Frequently Asked Questions

What college and universities are eligible to participate in NASA MINDS?
Any college or university which has been designated as a Minority Serving Institution (MSI) is eligible to apply. If you do not know if your college or university is an MSI, you can ask your Administrative offices OR check the list on this PDF provided by the Rutgers Graduate School of Education.
Are colleges and universities outside the United States able to participate?
No. Unfortunately not. NASA MINDS is reserved for Minority Serving Institutions located within the United States and its territories. If you are an international student you may want to consider exploring NASA Internships and Fellowships as described HERE
How do I apply?
Go to the Apply page on this website found at:
What are the requirements I need to meet in order to apply?
You must:

1) Be a student currently enrolled at a Minority Serving Institution.

2) Have the ability to assemble a team of students who are committed to pursuing the project. A team is defined as at least 2 students, but we encourage you to have more. Teams of 6 to 10 students have proven to allow members to dive deeper into specific areas within a project. It is also feasible that an entire class of 30+ students might wish to form a team.

3) Be able to work on the project during the Fall and Spring semesters for 2020/2021.

4) Have a Faculty member that is willing to serve as a mentor to your team.

5) Identify a specific technology or technological issue your team would like to work on that has relevance to both NASA's Artemis program and its Human Exploration Mission Directorate (HEOMD)
What exactly will I do if I participate in NASA MINDS?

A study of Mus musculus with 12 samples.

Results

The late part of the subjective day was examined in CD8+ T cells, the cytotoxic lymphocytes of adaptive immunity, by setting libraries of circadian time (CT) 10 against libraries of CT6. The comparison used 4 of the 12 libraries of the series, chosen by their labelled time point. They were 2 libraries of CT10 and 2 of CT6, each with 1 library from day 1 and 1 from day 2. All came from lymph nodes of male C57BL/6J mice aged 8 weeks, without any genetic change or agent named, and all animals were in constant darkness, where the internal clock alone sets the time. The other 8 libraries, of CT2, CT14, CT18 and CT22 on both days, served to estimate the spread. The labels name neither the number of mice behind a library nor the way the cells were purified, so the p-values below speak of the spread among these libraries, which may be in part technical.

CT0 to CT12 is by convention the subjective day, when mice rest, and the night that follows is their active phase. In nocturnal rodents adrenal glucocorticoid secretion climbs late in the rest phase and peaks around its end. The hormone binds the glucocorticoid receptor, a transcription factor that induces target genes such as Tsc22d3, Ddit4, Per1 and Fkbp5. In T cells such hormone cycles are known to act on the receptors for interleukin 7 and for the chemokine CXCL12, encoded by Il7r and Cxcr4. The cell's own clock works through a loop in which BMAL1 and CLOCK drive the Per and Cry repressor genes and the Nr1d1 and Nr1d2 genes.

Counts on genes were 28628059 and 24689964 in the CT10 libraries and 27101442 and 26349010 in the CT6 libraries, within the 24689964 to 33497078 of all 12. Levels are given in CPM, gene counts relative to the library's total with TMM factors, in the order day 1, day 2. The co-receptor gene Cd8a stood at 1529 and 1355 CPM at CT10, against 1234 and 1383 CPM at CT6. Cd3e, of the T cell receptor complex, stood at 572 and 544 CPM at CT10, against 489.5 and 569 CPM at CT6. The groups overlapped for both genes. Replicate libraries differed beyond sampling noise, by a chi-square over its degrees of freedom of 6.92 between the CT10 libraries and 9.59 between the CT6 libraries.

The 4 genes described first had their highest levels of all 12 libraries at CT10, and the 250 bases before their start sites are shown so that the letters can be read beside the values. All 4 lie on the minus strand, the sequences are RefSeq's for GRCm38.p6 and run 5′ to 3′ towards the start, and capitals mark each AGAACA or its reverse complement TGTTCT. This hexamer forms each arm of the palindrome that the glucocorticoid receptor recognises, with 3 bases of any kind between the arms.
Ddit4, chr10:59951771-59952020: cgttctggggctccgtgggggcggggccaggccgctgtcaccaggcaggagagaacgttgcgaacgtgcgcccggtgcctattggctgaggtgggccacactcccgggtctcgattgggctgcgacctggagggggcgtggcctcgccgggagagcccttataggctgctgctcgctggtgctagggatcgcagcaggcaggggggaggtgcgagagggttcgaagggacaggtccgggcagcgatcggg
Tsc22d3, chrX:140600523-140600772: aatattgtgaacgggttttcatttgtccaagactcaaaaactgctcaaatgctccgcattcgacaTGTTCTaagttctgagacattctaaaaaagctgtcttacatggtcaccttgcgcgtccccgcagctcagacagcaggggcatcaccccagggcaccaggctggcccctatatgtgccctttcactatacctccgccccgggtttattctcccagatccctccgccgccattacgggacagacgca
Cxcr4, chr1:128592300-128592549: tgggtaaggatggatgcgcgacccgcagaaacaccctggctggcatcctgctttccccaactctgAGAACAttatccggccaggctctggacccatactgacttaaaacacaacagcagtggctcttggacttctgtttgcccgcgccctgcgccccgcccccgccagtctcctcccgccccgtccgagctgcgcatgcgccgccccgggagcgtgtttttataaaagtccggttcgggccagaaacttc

You can read the official rules and rubrics at:
In brief here is what you will do:
STEP 1 - LEARN about the Artemis mission and APPLY to participate in NASA MINDS! Organize a team of 2 or more students, get a faculty member to agree to serve as your team's mentor, and identify a technology you would like to pursue that is relevant to the NASA Artemis Mission.

STEP 2 - DESIGN - Spend a semester designing your technology detailed design concept, utilizing trade off analysis, simulated failure analysis, and computer simulations.

STEP 3 - BUILD. Your team will be provided with $1,500 to actually build your design or a prototype during the second semester.

At the conclusion of this program NASA Subject Matter Experts will review your projects. Your team will have the opportunity to be selected for trophies, as well as awards up to $5,000.
Is there anything offered to Faculty Members who mentor a team?
Yes! Each faculty member who mentors a team which completes the project, will be awarded a $1,000 stipend.
This sounds like more work. What will I get out of it as a student?
If you ever dreamed of working for NASA or an aerospace contractor, this is one of the best ways to get a head start. You'll be working on technologies of relevance to NASA, your work will be reviewed by NASA subject matter experts, and your participation will make you stand out from your peers. Employers want to hire students with "real world" experience, and the proven ability to contribute as a member of a team.
Can high school students participate?
Only students enrolled at a college or university designated as a Minority Serving Institution are eligible to participate. Unfortunately high school students are not eligible at this time.
Can one or more universities partner together to form a team?
Yes. This is allowed provided that:

1) all the universities and colleges that form the team must be Minority Serving Institutions

2) There must be a plan to collaborate either in-person or virtually.

3) Each college / university has a designated faculty mentor.

4) Even if multiple universities and colleges form a team, the maximum amount of funds available for faculty will still be $1,000 total, and the maximum amount of funds available for the team's build will still be $1,500.